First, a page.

I have been recording my online TV show - Technology and Friends - for 9 years. I recently passed episode #500.
The show has evolved over the years and so has the recording equipment I use.
Below is a description of the hardware I use to record Technology and Friends.
Camera: Canon EOS6D
This is the second Canon SLR I’ve purchased. My EOS 30D lasted over 10 years, so I returned to a similar, but updated model when it finally began to fail. The EOS 6D is primarily a still camera, but it can record up to 30 minutes of high-resolution video. The image quality is outstanding, particularly with the 24-105mm Canon lens I bought with it. This setup is overkill (read: "expensive") for a show that most people view in a browser, but I also use this camera for still photography and I have been happy with the results. The main downside for video is the 30-minute limit. After this time, someone needs to re-start the recording.
Audio Recorder: Xoom H6 Handy Recorder
I bought a Xoom recorder a few years ago on the recommendation of Carl Franklin, who is the co-host and the audio expert of the excellent .NET Rocks podcast. It served me well for years, so I bought the H6 when it was time to replace it. This device contains 2 built-in microphones, but I almost always plug in 2 external microphones, so I can get closer to a speakers mouth. I can plug in up to 4 external microphones. Using these microphones eliminates most of the background noise, allowing me to record in crowded areas. Each microphone can record to a separate audio file, which is convenient if one speaker is much louder than another.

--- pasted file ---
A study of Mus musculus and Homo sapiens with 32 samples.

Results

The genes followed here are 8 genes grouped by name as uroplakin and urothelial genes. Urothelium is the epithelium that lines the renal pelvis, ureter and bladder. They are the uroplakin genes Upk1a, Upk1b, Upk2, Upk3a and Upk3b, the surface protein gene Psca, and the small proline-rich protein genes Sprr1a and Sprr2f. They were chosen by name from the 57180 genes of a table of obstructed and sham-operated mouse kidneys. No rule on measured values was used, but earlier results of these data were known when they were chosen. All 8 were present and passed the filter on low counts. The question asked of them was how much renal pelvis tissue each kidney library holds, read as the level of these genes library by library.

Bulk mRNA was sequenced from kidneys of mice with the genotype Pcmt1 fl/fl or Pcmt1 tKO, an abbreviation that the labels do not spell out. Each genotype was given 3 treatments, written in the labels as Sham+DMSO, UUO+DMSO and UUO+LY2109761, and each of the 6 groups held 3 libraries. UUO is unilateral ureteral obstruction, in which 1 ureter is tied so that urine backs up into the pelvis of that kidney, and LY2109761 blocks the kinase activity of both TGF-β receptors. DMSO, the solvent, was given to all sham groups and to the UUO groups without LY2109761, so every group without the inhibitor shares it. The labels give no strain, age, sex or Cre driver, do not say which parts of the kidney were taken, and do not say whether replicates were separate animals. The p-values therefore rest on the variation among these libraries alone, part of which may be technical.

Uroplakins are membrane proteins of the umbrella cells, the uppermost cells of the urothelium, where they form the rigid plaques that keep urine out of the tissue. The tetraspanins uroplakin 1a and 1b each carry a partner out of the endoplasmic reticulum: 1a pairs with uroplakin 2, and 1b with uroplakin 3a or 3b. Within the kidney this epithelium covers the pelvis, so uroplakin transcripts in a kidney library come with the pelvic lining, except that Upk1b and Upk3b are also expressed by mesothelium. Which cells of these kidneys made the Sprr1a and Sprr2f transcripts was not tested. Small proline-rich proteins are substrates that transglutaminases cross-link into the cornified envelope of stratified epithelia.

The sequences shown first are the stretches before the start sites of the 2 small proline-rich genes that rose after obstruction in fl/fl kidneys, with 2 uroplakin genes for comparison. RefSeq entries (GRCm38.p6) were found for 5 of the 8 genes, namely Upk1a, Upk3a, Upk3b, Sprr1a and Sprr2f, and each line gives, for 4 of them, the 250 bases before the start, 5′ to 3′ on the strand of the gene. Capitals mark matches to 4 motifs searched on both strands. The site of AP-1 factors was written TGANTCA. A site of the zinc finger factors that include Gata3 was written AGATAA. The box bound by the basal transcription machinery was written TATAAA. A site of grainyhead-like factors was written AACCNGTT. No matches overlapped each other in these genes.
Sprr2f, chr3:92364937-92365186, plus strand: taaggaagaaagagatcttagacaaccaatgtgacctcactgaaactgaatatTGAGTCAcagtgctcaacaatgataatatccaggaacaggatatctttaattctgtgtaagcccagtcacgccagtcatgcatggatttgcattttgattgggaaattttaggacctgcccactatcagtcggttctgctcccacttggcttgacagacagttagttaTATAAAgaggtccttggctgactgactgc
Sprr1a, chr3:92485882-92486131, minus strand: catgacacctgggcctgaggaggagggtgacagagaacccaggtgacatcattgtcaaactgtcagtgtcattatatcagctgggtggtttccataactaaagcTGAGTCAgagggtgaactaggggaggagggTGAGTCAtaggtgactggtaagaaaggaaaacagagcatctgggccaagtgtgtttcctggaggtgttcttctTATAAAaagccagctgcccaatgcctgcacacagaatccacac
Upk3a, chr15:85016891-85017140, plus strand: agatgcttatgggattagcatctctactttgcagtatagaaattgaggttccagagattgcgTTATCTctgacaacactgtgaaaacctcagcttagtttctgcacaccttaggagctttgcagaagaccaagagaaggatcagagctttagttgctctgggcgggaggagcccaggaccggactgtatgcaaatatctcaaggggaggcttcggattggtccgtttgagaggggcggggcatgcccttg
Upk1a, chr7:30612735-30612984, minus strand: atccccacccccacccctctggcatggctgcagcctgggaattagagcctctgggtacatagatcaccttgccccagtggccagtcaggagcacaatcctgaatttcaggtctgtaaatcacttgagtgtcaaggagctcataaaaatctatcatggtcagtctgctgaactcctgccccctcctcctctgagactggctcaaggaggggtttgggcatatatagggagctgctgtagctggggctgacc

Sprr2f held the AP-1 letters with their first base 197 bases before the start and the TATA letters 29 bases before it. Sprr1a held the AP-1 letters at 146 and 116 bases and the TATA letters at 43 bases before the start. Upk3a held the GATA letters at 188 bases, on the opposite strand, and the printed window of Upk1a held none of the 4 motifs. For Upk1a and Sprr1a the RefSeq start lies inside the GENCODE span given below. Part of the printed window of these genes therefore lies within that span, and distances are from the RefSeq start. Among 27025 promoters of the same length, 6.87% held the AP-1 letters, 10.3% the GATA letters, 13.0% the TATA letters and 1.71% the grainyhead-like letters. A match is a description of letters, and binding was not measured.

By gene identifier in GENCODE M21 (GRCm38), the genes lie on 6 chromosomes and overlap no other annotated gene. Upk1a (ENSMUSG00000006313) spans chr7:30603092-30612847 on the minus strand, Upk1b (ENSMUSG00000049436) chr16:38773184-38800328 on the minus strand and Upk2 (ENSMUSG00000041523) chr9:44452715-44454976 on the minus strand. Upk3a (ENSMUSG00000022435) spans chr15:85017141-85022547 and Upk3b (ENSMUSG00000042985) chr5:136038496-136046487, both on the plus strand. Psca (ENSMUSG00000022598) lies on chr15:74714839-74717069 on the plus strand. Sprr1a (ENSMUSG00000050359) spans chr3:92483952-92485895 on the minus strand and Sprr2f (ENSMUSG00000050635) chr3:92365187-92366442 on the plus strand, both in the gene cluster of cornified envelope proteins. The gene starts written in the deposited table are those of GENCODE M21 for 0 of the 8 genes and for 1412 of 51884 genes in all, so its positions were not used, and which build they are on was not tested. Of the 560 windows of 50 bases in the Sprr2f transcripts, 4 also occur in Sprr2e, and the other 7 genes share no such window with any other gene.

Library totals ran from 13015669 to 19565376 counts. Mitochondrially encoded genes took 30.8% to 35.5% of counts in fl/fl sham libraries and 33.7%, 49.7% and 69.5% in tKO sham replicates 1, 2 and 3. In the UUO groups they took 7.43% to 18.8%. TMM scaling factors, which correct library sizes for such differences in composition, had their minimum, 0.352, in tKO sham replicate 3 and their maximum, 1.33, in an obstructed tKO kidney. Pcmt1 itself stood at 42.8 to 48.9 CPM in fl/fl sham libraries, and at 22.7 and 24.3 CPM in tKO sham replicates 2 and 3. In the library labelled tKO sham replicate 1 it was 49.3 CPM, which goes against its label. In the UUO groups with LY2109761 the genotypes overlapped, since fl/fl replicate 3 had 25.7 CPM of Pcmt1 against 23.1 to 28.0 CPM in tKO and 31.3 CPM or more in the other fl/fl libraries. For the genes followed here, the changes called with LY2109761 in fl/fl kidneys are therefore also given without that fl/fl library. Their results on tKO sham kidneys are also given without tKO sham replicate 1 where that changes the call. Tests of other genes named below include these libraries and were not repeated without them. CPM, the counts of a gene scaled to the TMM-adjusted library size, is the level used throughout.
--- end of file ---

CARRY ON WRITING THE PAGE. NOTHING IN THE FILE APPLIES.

Microphones: Shure SM58
I went with Shure based on popularity and Amazon reviews. I bought these mid-level models. I have been happy with the results. I strongly recommend external microphones (either lapel or handheld) when recording audio. My show is much better since I began using them. Switching to a separate microphone and the resulting increase in audio quality is probably the technical change resulting in the single biggest jump in quality for my show.
Tripod: Vanguard Lite1
This is a cheap tripod, but it has lasted me for years. I have a larger tripod, but seldom use it because I can throw the vanguard is small enough to keep in a backpack, carry on a plane, and carry around a conference. I also like the fact that I can set it on a tabletop, which is what I usually do. It is not quite tall enough to stand on the ground and hold the camera as high as the face of a standing adult.